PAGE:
OUTRAGE Over What This Historian Did To WWII Artifacts

A Maryland historian faces a maximum prison sentence of ten years after pleading guilty on Thursday to theft of more than 400 pieces of government property.

Antonin DeHays, age 33, of College Park, Maryland, stole numerous dog tags, photographs, and other public records from the National Archives and Records Administration.

Many of the stolen tags belonged to troops who died in service to our country during WWII.

DeHays sold most of the property he stole on E-Bay to make a shameful profit. After raiding his home in College Park, officials seized some of the stolen items he stored there.

Fox News reports:

Through the end of 2012 to mid-2017, Antonin DeHays, 33, stole identification cards, personal letters, photographs, a bible, and portions of a downed U.S. aircraft, as well as dog tags, from the public research room at the National Archives, the Maryland District Attorney’s Office said. In total, more than 400 items were reportedly taken.

Included among the items were two dog tags once belonging to a Tuskegee Airman, who died in 1944, officials said. DeHays reportedly donated one of the items to a museum, and in exchange, was permitted to climb inside a single-seat fighter airplane from World War II.

Additionally, officials said they found DeHays had sold several of the historic items online. DeHays would reportedly try to cover his tracks by occasionally removing the pencil etchings from the dog tags, which could have potentially identified them as belonging to the National Archive.

According to a Department of Justice press release, a sentencing date has been set for April 4 at the United States District Court in Greenbelt, where DeHays will learn his fate.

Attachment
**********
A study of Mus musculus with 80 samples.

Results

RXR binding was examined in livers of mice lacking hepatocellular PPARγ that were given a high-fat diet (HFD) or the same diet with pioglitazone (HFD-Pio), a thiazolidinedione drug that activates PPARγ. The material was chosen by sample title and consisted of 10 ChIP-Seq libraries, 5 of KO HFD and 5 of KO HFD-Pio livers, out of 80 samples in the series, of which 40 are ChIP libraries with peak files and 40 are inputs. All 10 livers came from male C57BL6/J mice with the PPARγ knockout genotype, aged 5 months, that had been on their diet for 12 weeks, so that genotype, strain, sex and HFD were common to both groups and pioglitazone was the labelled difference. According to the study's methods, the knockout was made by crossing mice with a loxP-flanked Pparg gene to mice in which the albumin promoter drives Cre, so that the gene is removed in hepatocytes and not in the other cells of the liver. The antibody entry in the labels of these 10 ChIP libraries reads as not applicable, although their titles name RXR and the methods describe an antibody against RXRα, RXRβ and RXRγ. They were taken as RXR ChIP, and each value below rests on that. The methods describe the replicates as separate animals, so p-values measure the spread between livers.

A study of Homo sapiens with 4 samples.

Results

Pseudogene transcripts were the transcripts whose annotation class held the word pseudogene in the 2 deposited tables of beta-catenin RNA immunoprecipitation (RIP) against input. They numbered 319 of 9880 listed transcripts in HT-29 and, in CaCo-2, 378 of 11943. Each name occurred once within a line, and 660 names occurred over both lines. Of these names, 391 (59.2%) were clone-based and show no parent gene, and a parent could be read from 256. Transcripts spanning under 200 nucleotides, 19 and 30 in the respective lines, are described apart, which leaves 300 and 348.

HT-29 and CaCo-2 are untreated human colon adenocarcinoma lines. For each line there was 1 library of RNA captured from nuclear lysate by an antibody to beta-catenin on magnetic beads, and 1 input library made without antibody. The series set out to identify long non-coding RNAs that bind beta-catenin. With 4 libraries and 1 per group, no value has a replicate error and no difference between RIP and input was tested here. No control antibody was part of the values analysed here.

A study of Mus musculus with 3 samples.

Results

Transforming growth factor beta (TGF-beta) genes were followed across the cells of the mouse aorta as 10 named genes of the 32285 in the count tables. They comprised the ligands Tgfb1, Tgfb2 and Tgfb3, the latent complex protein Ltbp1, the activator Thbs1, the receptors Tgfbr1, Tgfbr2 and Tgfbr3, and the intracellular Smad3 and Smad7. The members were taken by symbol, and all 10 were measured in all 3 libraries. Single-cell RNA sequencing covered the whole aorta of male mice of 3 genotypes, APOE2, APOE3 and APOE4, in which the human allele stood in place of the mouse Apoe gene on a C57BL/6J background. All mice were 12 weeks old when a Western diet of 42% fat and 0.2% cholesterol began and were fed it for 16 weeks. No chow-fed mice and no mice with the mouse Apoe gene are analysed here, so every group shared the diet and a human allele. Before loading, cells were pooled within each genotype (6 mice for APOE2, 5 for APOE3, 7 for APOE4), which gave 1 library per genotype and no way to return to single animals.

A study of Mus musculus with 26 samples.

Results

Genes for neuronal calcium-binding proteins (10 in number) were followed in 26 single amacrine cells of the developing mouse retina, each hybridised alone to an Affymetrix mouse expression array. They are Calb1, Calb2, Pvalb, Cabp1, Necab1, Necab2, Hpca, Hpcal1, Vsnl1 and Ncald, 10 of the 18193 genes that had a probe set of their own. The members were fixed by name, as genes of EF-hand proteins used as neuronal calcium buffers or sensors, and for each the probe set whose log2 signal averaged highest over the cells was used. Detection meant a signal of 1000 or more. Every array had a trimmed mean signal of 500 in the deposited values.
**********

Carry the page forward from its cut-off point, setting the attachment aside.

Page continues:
Military.com identifies DeHays as a French historian and author “whose historical research focused largely on events during the June 1944 amphibious invasion in Normandy, France.”

According to Military.com‘s report, DeHays made more than just a monetary profit off his criminal activity.

He even “donated” some stolen tags that belonged to a downed Tuskegee airman to a military aviation museum in Virginia for a sick trade off. Apparently, he just wanted the chance to climb inside a WWII single-seat Spitfire fighter.

Fox News adds that DeHays also worked part-time at Maryland-based nonprofit National History Day. When DeHays was first arrested in June, the group issued a statement saying that DeHays was no longer employed by the nonprofit and called his actions “deplorable.”

From NHD.org:

National History Day is shocked by the thought that any historian would steal historic artifacts. Seeking personal gain from the sacrifices made by America’s heroes is deplorable. Historic artifacts are among the greatest treasures to historians and to all Americans. The destruction, theft, or removal of such artifacts is the antithesis of everything National History Day represents.

This so-called historian’s actions are an absolute disgrace to the profession. But even worse, they’re a disgrace to this country and all the men and women who have fought and died for it.

What should his punishment be for his deplorable actions?

Let us know what you think and be sure to sound off in the comments below.